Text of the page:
Get email delivery of the Cadence blog featured here
Your design is near completion. Except that you’ve got an area of your plane shape that stubbornly refuses to fill, and you don’t know why. Understanding the rules involved and the tools available to help you figure out – and make changes, if needed, to get the result you want – is critical to make sure you aren’t wasting valuable design cycles.
Thankfully, the Cadence® Allegro® platform provides you with the exact checks that you need from start to finish. This post will cover those available tools plus when, and why, to apply them to your design.
While rare, it still happens at times that a shape outline in your design will become corrupt. It can be difficult to recognize this when it happens, but triggers that can visually show this are incorrect display of the shape (an area that should be voided appearing solid) or incorrect DRCs (reporting a violation that visually looks correctly spaced). To check for this, run DBDoctor from the Tools menu with the check shapes option enabled. If any shapes have problems, which could range from duplicate void elements to self-intersecting outlines, they will be reported in the results along with the net, layer, and reference location. If DBDoctor cannot decisively determine the intended shape, you will need to edit it yourself. Often, it is as simple as deleting and recreating the dynamic shape boundary, which is usually a simple outline.
If a shape doesn’t fill where you believe it should, there are a selection of potential causes. The number one cause is typically that the shape would be too narrow in that area. Areas narrower than your minimum aperture width cannot be filled. Consider spacing surrounding elements farther apart (we will assume you can’t just change your manufacturing capabilities!). A similar cause may be that the shape’s area is under the minimum shape area specified in the global shape parameters or, if you have enabled automatic island and antenna deletion, the shape may have been suppressed due to insufficient connections.
Rather than having an area with no fill, sometimes you will have cases where the fill in an area is associated with the wrong net. In this case, what to look for is very specific. In the Allegro layout tools, all dynamic shapes have an assigned priority. Higher priority shapes fill an area first, with lower shapes pouring only in the empty space remaining. Should you find an area with the wrong shape fill, check the fill priority for both shapes and adjust them to correct the pour ordering. In some cases, if you nest shapes inside of other shapes, it may be necessary to cut the shape into multiple pieces to get the priority you need in specific regions.
And remember: static shapes always have the highest priority! They cannot void automatically to surrounding shapes as dynamic shapes do. So, they will always fill where they are placed.
See our earlier blog entry about how dynamic shape voiding works. Of all the potential issues, this can be the most difficult to analyze. A first step is to use the show constraint tool to confirm the spacing required between the shape and the other element at the location provided. If you have a constraint region with larger spacing, or a net-net constraint, the voiding may be a result of these values. If that proves correct, then look at the object to see if there are properties specifying additional spacing needed from the shape. Lastly, it is possible that another object nearby, also in need of a void, has caused the shape to pull back here (indirectly, due to artwork requirements like minimum aperture).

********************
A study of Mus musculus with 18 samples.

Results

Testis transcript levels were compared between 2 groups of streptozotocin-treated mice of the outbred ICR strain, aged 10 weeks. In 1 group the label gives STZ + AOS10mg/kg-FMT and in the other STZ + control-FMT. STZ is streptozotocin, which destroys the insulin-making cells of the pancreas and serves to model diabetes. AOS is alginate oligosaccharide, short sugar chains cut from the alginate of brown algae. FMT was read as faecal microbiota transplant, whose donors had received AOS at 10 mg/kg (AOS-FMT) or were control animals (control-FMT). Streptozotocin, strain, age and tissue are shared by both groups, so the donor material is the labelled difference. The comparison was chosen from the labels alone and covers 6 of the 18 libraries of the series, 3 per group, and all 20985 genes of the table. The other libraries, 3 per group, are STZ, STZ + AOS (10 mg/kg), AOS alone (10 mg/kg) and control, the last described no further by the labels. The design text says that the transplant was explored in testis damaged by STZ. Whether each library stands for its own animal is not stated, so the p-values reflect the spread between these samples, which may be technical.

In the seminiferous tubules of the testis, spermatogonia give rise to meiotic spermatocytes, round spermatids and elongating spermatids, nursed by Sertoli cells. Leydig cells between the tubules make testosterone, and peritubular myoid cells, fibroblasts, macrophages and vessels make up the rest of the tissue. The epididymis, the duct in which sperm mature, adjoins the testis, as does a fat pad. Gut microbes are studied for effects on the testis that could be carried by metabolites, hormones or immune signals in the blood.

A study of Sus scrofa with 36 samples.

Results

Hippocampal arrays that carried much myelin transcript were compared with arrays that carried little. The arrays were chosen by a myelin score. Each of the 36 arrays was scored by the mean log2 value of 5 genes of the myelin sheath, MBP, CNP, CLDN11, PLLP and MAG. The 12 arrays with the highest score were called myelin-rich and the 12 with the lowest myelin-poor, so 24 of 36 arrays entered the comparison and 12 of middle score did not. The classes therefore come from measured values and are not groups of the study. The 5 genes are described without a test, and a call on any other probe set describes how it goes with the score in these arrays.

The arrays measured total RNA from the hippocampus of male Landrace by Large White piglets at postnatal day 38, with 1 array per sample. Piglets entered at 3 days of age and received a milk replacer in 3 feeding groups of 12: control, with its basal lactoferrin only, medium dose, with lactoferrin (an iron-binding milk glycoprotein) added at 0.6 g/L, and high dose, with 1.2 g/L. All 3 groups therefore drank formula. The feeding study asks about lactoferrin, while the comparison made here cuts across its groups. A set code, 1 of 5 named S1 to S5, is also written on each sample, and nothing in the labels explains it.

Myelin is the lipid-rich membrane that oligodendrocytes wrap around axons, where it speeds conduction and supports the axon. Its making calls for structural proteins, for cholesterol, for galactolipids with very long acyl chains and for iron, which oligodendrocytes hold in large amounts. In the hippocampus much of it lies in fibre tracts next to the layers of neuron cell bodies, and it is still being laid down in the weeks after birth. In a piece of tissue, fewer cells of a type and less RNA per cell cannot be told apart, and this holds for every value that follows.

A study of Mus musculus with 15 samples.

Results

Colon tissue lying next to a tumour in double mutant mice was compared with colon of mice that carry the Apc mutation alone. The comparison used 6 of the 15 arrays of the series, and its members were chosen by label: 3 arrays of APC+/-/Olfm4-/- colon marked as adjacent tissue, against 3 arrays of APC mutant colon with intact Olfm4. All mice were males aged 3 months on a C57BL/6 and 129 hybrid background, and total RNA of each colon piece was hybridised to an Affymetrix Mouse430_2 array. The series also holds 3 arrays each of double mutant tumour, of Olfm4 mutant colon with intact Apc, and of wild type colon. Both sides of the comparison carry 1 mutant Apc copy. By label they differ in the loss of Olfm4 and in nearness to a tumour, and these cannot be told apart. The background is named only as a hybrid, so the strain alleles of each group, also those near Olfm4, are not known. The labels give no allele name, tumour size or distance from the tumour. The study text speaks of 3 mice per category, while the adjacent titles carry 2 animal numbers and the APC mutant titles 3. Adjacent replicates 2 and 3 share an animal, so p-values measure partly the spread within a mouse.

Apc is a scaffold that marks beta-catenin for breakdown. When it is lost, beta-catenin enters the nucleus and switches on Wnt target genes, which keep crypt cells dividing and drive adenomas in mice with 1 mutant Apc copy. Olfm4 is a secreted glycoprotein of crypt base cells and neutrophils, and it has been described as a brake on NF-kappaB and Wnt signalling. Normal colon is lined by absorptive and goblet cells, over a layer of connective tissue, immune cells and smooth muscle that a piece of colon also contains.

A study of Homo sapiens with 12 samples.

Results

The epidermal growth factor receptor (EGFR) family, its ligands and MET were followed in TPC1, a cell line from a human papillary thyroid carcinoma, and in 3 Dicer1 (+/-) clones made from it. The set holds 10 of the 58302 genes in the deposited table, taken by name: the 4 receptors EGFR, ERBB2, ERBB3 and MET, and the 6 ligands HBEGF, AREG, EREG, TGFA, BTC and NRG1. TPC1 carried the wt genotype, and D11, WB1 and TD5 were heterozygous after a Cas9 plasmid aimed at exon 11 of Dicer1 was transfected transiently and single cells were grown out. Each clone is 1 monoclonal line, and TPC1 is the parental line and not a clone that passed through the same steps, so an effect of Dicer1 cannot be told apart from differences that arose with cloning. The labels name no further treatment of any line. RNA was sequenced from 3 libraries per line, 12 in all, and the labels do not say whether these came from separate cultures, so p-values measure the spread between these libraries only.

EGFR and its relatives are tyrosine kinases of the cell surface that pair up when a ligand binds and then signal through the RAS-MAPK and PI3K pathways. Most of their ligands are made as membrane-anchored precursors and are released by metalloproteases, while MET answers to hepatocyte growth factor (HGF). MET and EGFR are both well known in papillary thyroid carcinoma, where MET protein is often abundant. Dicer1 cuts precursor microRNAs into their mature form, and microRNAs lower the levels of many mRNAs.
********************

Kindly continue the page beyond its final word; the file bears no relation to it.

Having fixed all known issues with your shapes outlined above, you are ready to go to manufacturing. Before you can do so, there are a few steps that you must run. Some are required before output, like Gerber may be generated, others are good practices.
Make sure that your shapes are all up to date in smooth mode. You cannot generate artwork or other manufacturing outputs if shapes are not all up to date in smooth mode, since the artwork would not respect all the design rule requirements. You can check the shape status from either the global shape parameters page or from the status dialog and use the Update to Smooth button in either if needed.
Enable and run the DFM design rule checks for shapes. These provide you with solid, dependable checks for everything from acute angle corners to minimum widths across the entire design. Don’t rely on downstream tools to give you errors. Find them and fix them before you ever generate artwork!
Run the shape check tool on shapes. This function will run a comprehensive check on the shape based on a specified aperture value. It will flag (circle figures in the canvas) areas that cannot be manufactured for any reason. Depending on where the issue is, you may choose to use a route keepout, add extra clearance to the object in the void, or edit the boundary of the shape directly. You can run the shape check tool again when you’ve made changes to confirm that there are no lingering problem areas.
Generate a shape report. Available from the Tools menu, the report will include all the shapes in your design, along with their artwork settings, cross-hatch parameters, and other details, such as area of fill relative to area of the boundary shape.
With every release, Allegro strives to improve its shapes tools and quality of results. From bug fixes to performance enhancements and new functionality as requested by you, the design community, you will always find helpful updates with every major or minor release.
In 2018, a new shape voiding engine was released. It eliminated almost all instances of shape spike and unfilled region problems while improving performance. This alone would be a great reason for anyone to update their software and take advantage of. When combined with a host of new voiding options and bug fixes, the option becomes ever clearer.